Acclaimed Author Anthony Marra Discusses New Collection of Interlocking Short Stories

Anthony Marra’s masterful 2013 debut novel, A Constellation of Vital Phenomena, rightly garnered high praise from across the literary landscape for its graceful prose and its affecting ability to find humanity amid harrowing circumstances.

click to enlarge Anthony Marra
Anthony Marra

Anthony Marra’s masterful 2013 debut novel, A Constellation of Vital Phenomena, rightly garnered high praise from across the literary landscape for its graceful prose and its affecting ability to find humanity amid harrowing circumstances. The novel’s interweaving narrative, largely told through the lives of everyday Chechens, is set during the Chechen War of 2004, with the intermittent jump to 10 years before and after.

Likewise, Marra’s just-published new book, The Tsar of Love and Techno , is an interlocking collection of Russia-set

stories that deftly move from the repressive regime of Joseph Stalin in the 1930s to the post-Soviet, Vladimir Putin-led current day.

CityBeat recently connected with Marra — who had just arrived in New York City from Berlin, where he’s in the midst of a semester-long fellowship — to discuss his latest literary effort, which is again yielding rapturous praise. CityBeat: How did the success of

your first book impact the writing of your new one?

Anthony Marra: It made me work even harder to ensure readers of Constellation wouldn’t be disappointed with Tsar.

CB: Why did you present The Tsar of Love and Techno as a collection of stories rather than a novel?

AM: I’m not sure that either “short story collection” or “novel” really fit Tsar’s form. The book is a novel that’s composed of short stories rather than chapters, hopefully cohesive enough that if any one story were taken out, all would suffer its absence. The scope and range this allows, in covering nearly a century of Russian history, drew me to this form. There must be some wonderful compound German word to describe that in-between space between a novel and a short story collection, but I don’t know what it is.

CB: Why did you center both of your books on Russia and the Chechen war?

AM: The Chechen War, and Russian history more broadly over the last century, provides a setting to explore in fiction some of the things that I’m most interested in — the conflict between individual and societal values, the use and abuse of history, art as both an instrument of dissent and coercion, etc.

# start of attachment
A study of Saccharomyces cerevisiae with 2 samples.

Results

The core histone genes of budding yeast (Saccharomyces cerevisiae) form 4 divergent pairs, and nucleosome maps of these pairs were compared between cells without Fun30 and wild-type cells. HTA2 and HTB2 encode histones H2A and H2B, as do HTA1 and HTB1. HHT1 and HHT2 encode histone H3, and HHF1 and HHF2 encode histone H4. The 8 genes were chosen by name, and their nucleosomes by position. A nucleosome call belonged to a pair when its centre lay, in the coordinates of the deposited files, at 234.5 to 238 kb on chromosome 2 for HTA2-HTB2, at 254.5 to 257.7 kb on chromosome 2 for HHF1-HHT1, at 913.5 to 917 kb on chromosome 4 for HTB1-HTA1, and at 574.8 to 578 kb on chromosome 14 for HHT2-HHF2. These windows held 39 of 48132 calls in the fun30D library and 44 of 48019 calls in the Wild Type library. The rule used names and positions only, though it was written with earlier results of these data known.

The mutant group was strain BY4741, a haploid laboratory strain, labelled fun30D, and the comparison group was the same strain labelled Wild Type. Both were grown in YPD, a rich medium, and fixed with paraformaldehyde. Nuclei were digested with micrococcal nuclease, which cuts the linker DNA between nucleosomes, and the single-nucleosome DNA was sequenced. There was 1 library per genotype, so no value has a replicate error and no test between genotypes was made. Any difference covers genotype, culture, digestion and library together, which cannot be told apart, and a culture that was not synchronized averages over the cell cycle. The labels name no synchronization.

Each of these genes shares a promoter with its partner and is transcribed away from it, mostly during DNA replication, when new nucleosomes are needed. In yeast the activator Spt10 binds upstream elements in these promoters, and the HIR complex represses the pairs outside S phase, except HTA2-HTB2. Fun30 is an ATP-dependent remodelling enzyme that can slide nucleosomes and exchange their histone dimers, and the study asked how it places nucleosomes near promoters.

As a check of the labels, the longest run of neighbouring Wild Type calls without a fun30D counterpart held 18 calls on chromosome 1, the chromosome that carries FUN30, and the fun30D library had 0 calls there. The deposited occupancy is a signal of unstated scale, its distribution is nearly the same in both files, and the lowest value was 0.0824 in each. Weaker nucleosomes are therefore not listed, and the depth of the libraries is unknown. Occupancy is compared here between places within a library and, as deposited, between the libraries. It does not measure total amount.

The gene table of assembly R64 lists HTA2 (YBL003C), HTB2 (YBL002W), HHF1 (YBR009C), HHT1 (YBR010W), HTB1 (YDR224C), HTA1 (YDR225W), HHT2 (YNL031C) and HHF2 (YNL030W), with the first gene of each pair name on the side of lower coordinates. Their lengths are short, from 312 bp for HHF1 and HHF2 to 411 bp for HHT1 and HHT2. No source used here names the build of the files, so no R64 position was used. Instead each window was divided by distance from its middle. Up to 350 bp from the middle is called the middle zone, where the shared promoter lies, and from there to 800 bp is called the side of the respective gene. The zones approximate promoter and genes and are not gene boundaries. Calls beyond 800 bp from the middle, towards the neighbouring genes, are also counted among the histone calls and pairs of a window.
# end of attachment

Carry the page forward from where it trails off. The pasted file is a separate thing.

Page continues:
CB: The book opens with this sentence: “I am an artist first, a censor second.” This spare statement contains rich thematic ground that you explore, in one way or another, in each of the stories to follow. Why were you interested in exploring the tension between art and repressive societies? Do you think repressive societies yield more powerful or profound art?

AM: The first story/chapter in Tsar is about a portrait artist who’s tasked by Soviet authorities to airbrush out the faces of dissidents. This contradiction, in which his gifts are co-opted and he transforms from a maker to an eraser of faces, seems to contain in it the horror of the Soviet systems — it made victims of everyone, even the perpetrators. I don’t buy the notion that artists in repressive societies necessarily make better or more profound art, but they certainly make more courageous art.

CB: How have recent real-life events in Russia impacted these stories?

AM: Both enormously and, in some cases, not at all. The real history and real individual historical events are sort of the diorama in which these characters move through, but I’m much more interested in the intimate life of these individual people than in writing some sort of historical treatise.

CB: So did you write most of these stories before (Russian President

Vladimir) Putin started making some of his bolder moves?

AM: The earliest ones predate Constellation. The most recent one I wrote maybe two years ago. Originally these stories were not connected at all. I spent most of the last two years trying to weave them together until they became so intertwined that it really felt like more of a novel than a short story collection.  


ANTHONY MARRA will appear at Books by the Banks Saturday at the Duke Energy Convention Center. More info: booksbythebanks.org.